2015 November 17
by Mike Vial

Multitasking. Regram from @natalieburg_

A photo posted by Mike Vial (@mikevial) on

Nashville performer Jennifer Sullivan shared a great post about working the tip jar:

This topic is so important for new musicians playing the bar/restaurant scene. I’ll add a few points:

While it’s acceptable in Nashville to walk around the room with the tip jar, musicians won’t be able to do that in most regions. In the Midwest, restaurant owners will not allow for that! That’s an action that will ensure a musician will not get asked back to play.

However, I recommend musicians bring their own stool and their own tip jar, and leave it pretty close to the microphone or stage area so you can acknowledge with a smile or nod when someone leaves a tip. People are more likely to tip if they will get acknowledged by the performer for doing so.

I’d also advise musicians to be considerate that some restaurant owners might not appreciate hearing the request for tips in the microphone. When I got my start at 22 at a restaurant, I didn’t know what to say between songs, so I’d often say the cliche, “Don’t forget to tip your bartender and musician!” The legendary owner came up to me and said, “Don’t say that. Everyone knows to tip! Let’s keep it classy.” It was an important lesson to find a more unique voice between songs. Again, I recognize the rules on Broadway are different. On Broadway, you have to work that tip jar with fury, for the folks bar hop and it’s the only income being made! It’s important for new musicians to recognize the different implied rules for different gigs.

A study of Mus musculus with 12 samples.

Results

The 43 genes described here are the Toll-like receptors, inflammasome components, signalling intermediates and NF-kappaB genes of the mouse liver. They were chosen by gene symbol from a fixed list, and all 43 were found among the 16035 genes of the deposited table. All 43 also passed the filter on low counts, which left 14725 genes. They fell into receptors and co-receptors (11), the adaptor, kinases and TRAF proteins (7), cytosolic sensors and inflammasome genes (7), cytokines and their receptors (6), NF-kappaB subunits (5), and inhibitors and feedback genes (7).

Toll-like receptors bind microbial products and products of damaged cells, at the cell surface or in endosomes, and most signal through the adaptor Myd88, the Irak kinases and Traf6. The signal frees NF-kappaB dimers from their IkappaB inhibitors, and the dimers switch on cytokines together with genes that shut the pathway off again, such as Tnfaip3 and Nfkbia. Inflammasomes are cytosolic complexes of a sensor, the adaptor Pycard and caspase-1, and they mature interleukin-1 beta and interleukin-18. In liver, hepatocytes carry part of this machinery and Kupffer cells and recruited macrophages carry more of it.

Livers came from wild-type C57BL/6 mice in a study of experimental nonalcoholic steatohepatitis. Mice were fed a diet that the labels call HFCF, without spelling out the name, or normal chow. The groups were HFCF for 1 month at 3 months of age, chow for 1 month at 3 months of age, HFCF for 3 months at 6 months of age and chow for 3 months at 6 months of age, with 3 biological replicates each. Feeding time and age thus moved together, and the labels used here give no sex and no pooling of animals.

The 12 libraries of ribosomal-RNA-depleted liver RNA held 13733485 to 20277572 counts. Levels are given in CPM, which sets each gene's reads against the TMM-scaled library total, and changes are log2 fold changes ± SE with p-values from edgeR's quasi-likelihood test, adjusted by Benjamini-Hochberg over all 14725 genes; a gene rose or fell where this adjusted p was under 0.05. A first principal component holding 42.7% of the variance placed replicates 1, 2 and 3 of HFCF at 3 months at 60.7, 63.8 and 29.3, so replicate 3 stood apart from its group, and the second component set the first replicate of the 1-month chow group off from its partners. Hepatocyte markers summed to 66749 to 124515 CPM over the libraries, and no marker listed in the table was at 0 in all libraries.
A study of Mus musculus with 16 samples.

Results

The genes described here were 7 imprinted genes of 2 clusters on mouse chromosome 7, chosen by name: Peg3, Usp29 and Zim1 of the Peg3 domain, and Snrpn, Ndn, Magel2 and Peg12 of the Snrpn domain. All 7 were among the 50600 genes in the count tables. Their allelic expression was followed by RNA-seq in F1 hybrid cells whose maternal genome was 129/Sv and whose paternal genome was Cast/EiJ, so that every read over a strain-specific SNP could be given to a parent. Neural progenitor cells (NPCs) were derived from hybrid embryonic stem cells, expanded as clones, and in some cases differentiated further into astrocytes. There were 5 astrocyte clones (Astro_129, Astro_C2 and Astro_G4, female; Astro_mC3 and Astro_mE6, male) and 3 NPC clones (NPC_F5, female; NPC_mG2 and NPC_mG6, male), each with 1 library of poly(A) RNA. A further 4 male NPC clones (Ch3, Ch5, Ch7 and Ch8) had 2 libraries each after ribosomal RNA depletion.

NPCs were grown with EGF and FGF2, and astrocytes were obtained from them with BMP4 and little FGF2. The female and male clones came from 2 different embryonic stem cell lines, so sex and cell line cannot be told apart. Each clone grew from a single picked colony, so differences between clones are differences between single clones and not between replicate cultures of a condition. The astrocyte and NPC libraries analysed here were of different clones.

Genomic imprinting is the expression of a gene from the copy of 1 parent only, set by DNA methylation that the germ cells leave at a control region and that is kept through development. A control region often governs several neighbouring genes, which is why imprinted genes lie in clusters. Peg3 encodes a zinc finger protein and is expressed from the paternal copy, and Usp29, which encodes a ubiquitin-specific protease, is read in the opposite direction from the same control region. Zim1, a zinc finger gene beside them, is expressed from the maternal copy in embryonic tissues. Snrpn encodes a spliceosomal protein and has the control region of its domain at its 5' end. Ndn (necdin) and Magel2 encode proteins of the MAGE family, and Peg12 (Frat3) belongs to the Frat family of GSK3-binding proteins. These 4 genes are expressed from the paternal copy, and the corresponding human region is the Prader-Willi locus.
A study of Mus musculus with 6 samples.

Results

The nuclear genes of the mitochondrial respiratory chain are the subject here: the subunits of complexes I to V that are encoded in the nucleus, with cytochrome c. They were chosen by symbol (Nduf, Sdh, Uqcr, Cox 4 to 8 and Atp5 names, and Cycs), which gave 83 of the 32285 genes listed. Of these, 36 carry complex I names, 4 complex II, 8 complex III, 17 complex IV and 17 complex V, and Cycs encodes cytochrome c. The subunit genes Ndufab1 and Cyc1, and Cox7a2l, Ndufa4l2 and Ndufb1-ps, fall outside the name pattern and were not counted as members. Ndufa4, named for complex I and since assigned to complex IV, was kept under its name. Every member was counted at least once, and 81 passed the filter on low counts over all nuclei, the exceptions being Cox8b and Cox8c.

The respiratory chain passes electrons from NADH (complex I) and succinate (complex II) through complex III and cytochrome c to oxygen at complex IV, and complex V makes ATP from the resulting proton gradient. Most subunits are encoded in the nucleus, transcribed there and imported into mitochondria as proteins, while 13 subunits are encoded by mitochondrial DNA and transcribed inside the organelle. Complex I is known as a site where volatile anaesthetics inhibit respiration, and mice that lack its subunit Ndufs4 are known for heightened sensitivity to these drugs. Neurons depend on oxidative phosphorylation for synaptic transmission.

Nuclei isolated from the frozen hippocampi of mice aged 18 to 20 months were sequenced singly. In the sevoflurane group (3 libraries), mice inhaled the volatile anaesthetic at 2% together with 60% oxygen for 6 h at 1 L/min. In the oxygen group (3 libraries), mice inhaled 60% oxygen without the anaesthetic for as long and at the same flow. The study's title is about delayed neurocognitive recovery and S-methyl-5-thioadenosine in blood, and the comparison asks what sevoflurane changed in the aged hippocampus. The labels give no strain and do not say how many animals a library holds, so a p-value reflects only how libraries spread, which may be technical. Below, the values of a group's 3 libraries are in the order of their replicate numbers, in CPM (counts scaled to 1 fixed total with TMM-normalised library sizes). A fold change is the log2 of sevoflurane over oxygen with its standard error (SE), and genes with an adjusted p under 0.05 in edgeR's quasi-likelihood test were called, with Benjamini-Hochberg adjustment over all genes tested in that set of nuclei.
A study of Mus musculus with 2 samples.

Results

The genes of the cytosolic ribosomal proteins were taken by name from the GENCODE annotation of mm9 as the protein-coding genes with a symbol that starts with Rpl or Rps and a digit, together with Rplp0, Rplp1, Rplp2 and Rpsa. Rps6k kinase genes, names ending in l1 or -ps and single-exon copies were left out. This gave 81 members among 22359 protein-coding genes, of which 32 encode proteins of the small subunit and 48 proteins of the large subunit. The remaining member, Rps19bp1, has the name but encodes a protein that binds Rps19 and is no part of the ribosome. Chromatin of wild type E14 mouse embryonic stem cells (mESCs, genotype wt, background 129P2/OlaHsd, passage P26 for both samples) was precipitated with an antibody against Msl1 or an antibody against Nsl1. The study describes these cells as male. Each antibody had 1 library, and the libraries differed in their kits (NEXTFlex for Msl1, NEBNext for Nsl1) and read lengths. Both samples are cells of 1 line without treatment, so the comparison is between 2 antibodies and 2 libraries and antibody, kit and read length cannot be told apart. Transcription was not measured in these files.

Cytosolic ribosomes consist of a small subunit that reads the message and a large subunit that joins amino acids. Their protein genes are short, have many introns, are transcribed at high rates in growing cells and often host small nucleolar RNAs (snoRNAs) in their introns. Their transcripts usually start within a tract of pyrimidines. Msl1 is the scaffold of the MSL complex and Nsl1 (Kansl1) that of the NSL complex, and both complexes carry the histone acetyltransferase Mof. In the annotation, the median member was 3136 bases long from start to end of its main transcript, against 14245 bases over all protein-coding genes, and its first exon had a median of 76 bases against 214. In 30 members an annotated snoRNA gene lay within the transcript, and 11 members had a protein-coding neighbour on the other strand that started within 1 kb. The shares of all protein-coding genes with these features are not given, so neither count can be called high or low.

Still, the fact remains, the tip jar is essential to surviving the bar/restaurant scene anywhere. One longtime performer told me that if someone asks for a request you don’t know, make other suggestions in that style or era. Ask the person’s name before they walk away, and give them a shout out at the end of the song.

Folks asking for “happy birthday” requests gets old, but I’ll play a drinking song after 20 seconds of “happy birthday” and mention my favorite drink the bartender makes at end of the song. Treat every opportunity as a way to be unique.

You’ll notice in the photo that I’ll have a sign saying, “Leave a tip, take a CD!” While origianl music shows really need a merch sales person and clear prices, bar gigs are different. Any sale you make is good at the bar gig, and it’s really to encourage interaction, hopefully build a fan or two.

I’ve noticed that I’ve made close to the same in tips and sales this year after 119 gigs then I did two years ago playing 200+ gigs. It’s difficult to make exact conclusions why, but I think part of it is that sign saying, “Leave a tip, take a CD!”

Thanks for sharing your tips, Jennifer. Break a leg at the gigs!